This blog is about the story of my family here in America. We arrived in the 1630s as Puritans, and became the common folk of the New World.

The end of the last generation of really bad drivers

The last generation of really bad drivers is finally coming to an end in America. If you haven't noticed that, that's a good thing. If you learned to drive within the past thirty years, you take a lot of things for granted. Previous generations didn't, and it may surprise you to find just how bad they were.

Before the 1960s, cars didn't have any safety features at all, including seat belts, and getting killed in a car was just seen as *dying of natural causes*. Being impaled on a steering wheel or being thrown from a car was just considered a natural part of the risk of life. And this attitude had been around for generation after generation, since the invention of cars. As a young driver just starting out in the 1970s, I was the first generation that even began to question this point of view. Going for a drive in a car wasn't something that I waned to consider a death sentence. I was young, and I wanted to live.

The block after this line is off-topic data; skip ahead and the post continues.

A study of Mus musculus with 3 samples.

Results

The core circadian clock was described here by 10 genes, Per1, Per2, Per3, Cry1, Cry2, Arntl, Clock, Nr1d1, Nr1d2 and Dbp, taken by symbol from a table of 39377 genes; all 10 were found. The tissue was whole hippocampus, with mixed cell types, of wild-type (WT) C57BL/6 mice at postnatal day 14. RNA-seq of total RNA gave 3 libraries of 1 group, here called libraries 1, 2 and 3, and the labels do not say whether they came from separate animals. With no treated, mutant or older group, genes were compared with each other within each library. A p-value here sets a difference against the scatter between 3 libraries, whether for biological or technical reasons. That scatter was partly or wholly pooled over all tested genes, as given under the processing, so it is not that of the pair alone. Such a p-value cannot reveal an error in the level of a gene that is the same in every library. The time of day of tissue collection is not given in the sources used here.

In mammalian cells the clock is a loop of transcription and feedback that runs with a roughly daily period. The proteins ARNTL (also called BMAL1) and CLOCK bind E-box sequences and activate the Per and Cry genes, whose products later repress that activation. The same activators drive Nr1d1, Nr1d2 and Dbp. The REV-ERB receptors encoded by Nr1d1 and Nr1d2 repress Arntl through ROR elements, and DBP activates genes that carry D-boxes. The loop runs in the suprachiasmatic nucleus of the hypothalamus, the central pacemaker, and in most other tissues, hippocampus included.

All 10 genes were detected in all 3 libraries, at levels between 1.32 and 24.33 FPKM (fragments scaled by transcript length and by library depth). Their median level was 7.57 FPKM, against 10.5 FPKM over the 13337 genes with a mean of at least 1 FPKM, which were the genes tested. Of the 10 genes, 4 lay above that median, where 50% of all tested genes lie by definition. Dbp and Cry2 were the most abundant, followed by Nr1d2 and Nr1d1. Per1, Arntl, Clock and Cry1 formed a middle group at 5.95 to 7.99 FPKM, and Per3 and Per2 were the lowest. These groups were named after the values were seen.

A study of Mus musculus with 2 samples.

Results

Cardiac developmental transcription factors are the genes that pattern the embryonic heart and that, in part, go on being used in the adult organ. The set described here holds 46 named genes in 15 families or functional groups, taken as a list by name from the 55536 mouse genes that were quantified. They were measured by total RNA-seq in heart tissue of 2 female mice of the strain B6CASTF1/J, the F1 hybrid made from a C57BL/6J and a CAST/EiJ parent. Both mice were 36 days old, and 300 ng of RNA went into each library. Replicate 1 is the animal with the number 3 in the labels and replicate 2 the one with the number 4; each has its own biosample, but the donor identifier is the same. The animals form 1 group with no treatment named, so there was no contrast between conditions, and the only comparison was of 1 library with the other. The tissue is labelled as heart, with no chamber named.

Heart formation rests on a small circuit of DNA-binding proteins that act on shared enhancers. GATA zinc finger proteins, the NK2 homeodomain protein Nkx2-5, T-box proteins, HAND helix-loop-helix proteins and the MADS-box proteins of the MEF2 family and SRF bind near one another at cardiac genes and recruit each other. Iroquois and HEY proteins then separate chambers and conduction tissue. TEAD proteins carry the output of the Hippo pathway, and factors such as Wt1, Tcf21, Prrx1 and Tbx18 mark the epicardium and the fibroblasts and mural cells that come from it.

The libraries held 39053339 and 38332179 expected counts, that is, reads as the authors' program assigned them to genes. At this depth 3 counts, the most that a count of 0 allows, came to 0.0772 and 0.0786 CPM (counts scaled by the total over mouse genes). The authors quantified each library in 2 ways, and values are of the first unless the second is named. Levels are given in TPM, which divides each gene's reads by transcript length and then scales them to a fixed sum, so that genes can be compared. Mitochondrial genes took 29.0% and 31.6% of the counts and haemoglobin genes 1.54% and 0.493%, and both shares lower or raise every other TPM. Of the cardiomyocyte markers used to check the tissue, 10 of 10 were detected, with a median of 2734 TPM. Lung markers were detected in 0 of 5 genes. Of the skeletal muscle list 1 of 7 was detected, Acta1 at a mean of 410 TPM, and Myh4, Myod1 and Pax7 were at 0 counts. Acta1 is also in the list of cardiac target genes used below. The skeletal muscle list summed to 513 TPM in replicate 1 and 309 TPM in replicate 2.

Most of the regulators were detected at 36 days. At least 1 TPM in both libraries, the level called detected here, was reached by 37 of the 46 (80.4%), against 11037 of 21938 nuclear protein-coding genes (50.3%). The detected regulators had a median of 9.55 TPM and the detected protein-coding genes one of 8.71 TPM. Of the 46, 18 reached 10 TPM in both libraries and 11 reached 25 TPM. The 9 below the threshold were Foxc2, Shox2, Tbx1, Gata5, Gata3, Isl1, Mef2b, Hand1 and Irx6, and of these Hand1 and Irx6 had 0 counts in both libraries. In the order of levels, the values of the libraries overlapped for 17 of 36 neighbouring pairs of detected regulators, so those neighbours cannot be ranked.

Influences from generation to generation persist, of course, and there are still many people who insist that their grandparents, or parents were right. But the number of these people who still think like this are very small nowadays, as opposed to being in the majority back then. So when you see a dangerous, maniacal driver, who appears to have no concern for human life on the road, they are the exception, not the rule.

I'm not saying that there aren't people today who take risks with their life and the lives of others when driving a car, like driving drunk. There are just a whole lot less now than in previous generations. We expect to live through our next road trip, or our next meal. Our ancestors didn't. Hard to believe, but true.